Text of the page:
Are British bonds a riskier bet than they look?
LONDON (Reuters) - Investors fleeing the euro zone to seek safety in British government bonds may be taking a riskier bet than they think: The ultra-low interest rates the shrinking UK economy is paying look unlikely to last.
British government bonds, nicknamed gilts after the gold leaf that used to adorn the paper certificates, have surged in price alongside U.S. and German government debt as investors have scurried away from riskier stocks and the questionable debt of crisis-hit, mainly southern, euro zone countries.
They have been helped along also by huge stimulus buying from the Bank of England, which it suggested in minutes released on Wednesday it is willing to start up again if the economy worsens.
But gilts may not be as safe a haven as some investors are counting on, with Britain suffering from hefty public borrowing, relatively high inflation and significant exposure to any worsening the euro zone economy itself.
"The UK has essentially used up all of its wiggle room," said Sam Hill, a fixed income strategist at RBC who previously worked for fund managers Threadneedle Investments. "The UK might be in some ways separate, but would equally still be dragged down ... if there was a more severe outcome in Europe."
Investors' desire to avoid risky assets -- along with pump-priming buying by the Bank of England -- has sharply reduced the annual interest rate, or yield, that Britain's government has to pay on new debt.
For benchmark 10-year gilts, the yield sank to 1.809 percent on Friday from over 4 percent in more normal times a couple of years ago. It was lowest yield since similar gilts were first issued after World War Two.
Over the same two-year period, a markedly different view of Spanish debt has taken yields from 4 percent to over 6 percent. Demand for German debt, meanwhile, has been even greater than for British -- two-year government bonds sold on Wednesday will pay nothing.
The falling return on gilts, however, does not reflect any reduction in their outright risk. The cost of insuring gilts against default has risen almost 30 percent over the past year, compared with an unchanged cost for U.S. debt.
Despite this, 10-year gilts offer a yield that is only 0.1 percentage points higher than U.S. Treasuries and 0.4 percentage points over German Bunds.
"I wouldn't say gilts are a particularly good investment relative to Treasuries," said Ian Fishwick, a fixed-income fund manager at Fidelity Worldwide Investment, which holds about 2.5 billion pounds of gilts.
"The UK does have a problem with the scale of public debt and ... the dollar's reserve currency status is a lot more secure than sterling's," he added.
Britain's annual government borrowing amounts to more than 8 percent of gross domestic product. This is roughly triple Germany's rate of borrowing, and only slightly below that in the United States - which has the advantage of stronger long-term growth with which to service the debt.
Moreover, Britain's economy and banking system is much more vulnerable to a euro zone downturn than the United States is, with around half of Britain's trade going to the rest of Europe.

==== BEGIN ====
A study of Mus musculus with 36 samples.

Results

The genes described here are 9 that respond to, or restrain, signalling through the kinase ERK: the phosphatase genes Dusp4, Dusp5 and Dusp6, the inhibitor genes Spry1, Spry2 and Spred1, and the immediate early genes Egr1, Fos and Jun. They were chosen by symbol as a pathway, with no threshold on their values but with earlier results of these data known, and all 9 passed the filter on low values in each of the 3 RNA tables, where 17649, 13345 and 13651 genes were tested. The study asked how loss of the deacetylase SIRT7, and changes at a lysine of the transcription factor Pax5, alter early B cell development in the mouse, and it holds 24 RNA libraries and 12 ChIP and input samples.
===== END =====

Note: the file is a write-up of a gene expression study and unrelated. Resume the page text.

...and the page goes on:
"The main scenario where you would say it is over for gilts is a loss of credibility in the government's fiscal credibility, and that's a scenario that you could imagine if there was a nasty euro break up," said RBC's Hill.
Despite these reservations, fund managers such as Fishwick still believe that on balance it is safer for UK investors to keep at least some assets in gilts than the alternatives.
Others share this view too, and over the past 12 months, 10-year gilt prices have risen by around 15 percent, teaching a
painful lesson to those who felt they were already overpriced.
However, many analysts do not expect these gains to be sustained and think a gradual fall in gilt prices as the economy recovers is the most likely medium-term scenario.
From an investor's point of view, taking a moderate loss on a gilt portfolio in the event of an economic upturn may be an acceptable price for the capital protection that gilts are meant to provide in case the euro zone crisis deepens.
There is a risk that gilt prices are more inflated than other safe-haven assets due to UK-specific one-off sources of demand, said David Miller, a partner at Cheviot Asset Management, which controls around 3.5 billion pounds of funds.
One source of demand has been UK banks seeking to meet regulatory requirements to boost capital - a source which may soon dry up.
The Bank of England's 125 billion pound purchase of gilts between October and the start of May under its quantitative easing programme is another. It now owns more than a quarter of the market.
These gilts do not look likely to be sold any time soon, but it is hard for investors to know how much will be bought in future and/or when stimulus tasks will be turned off, making gilts riskier than say U.S. Treasuries.
And taking into account the higher inflation in Britain than in Germany or the United States some investors such as French fund Carmignac Gestion see no attraction in gilts at all.
"The UK is running a first-class act. They are stealing 2 percent a year from investors," said the fund's chairman Edouard Carmignac, who manages 50 billion euros (40 billion pounds) - none of it in gilts.
(Reporting by David Milliken. Editing by Jeremy Gaunt.)